The dollar climbed on Thursday as solid U.S. data reinforced a theme of robust U.S. economic growth, while the euro fell after European Central Bank chief Mario Draghi alluded to sagging inflation and the need for further monetary policy assistance.
The euro fell below $1.06 to its lows of the day as Draghi spoke at a news conference, while the , which tracks the greenback against the euro and five other major currencies, added to its gains.
The ECB announced it would maintain its negative interest rate policy and maintain a record pace of asset purchases to stimulate tepid growth.
Draghi described the current euro zone recovery as "dampened by the sluggish pace of structural reform" and said a "very substantial degree" of monetary policy stimulus was still needed.
That helped the dollar add to Wednesday's gains that followed remarks from Federal Reserve Chair Janet Yellen who said a "few" increases in U.S interest rates could be appropriate this year.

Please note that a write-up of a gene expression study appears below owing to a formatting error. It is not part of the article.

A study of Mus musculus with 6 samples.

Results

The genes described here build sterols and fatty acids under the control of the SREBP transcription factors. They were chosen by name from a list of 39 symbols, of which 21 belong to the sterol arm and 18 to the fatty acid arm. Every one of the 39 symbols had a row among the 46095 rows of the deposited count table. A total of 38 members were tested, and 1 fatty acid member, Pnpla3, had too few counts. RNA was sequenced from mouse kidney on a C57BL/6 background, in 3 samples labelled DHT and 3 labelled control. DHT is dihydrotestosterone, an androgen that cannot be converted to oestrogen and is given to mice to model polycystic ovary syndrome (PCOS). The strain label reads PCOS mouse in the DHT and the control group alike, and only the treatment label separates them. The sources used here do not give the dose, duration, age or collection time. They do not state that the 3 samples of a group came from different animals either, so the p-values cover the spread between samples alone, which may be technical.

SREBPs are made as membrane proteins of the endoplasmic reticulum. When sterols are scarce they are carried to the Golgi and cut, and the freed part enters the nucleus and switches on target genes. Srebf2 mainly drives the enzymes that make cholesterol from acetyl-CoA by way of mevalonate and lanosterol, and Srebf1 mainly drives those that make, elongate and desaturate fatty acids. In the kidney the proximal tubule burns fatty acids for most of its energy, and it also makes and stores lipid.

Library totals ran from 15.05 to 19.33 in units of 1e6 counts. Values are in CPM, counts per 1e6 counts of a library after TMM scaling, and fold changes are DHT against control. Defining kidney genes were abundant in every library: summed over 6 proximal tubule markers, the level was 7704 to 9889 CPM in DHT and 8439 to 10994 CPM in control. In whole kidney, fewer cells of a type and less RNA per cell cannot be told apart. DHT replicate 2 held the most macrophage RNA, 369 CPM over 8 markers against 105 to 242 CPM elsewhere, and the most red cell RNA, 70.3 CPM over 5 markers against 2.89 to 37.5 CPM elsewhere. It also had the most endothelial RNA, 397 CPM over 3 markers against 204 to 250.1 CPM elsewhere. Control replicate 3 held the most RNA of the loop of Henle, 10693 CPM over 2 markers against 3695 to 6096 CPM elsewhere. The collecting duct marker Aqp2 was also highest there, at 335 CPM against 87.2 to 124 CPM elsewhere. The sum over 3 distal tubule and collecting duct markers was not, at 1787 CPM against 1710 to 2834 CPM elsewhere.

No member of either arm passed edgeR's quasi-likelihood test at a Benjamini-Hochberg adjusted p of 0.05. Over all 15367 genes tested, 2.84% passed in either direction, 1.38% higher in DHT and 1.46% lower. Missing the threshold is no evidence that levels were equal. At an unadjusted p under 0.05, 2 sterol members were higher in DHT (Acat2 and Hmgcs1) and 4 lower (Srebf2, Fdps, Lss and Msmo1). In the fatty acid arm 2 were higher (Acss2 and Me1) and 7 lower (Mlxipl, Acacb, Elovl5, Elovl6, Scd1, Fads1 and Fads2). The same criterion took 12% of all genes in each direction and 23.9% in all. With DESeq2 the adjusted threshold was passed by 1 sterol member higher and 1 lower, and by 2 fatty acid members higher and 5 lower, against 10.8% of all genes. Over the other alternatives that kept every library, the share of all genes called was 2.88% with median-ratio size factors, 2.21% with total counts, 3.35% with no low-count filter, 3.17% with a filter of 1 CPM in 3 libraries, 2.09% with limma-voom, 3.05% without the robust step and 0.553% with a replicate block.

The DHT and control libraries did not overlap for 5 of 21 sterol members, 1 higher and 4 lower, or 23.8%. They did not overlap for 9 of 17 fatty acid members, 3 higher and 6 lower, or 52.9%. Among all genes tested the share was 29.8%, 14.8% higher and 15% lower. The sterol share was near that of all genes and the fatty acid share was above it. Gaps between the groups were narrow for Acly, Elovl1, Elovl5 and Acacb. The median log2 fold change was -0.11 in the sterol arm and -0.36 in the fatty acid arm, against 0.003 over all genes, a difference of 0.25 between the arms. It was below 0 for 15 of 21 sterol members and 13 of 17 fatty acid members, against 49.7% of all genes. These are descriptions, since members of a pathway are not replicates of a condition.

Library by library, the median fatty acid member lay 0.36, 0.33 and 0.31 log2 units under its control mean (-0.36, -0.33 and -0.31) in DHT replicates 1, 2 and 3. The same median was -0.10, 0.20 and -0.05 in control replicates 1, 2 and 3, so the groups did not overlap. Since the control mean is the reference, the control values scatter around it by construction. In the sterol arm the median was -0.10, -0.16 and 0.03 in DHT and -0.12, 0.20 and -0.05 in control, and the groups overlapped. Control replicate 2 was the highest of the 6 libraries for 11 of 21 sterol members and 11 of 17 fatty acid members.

The greenback gained as much as 1 percent on Wednesday after Yellen's speech, which turned investors back to the narrative of strong growth and rising inflation in the U.S. that drove the currency higher.
"Clearly there's policy divergence between the two central banks," said Peter Ng, senior FX trader at Silicon Valley Bank in Santa Clara, California. "Just based on the fundamentals, things are looking good in the U.S. You've got firmer rates, strong labor market and the yield differential supports U.S. assets."
The euro fell to a session low of $1.0590 against the dollar and to a 10-day low of 86.11 pence against sterling. It was up 0.18 percent against the dollar at 2:40 p.m. ET.
The dollar also was bolstered by rosy reports on U.S. jobless claims and housing starts.
The Labor Department reported that the number of Americans filing for unemployment benefits last week fell to the lowest levels in decades, while the Commerce Department said homebuilding jumped more than expected in December, showing the housing market may have been a major contributor to economic growth in the fourth quarter.
The dollar rose to a nearly one-week high against the yen as investors laid bets on further dollar strength. The greenback moved to 115.29 , its highest since Jan. 13.
The dollar also booked gains against the Swiss franc, rising to 1.0115 franc.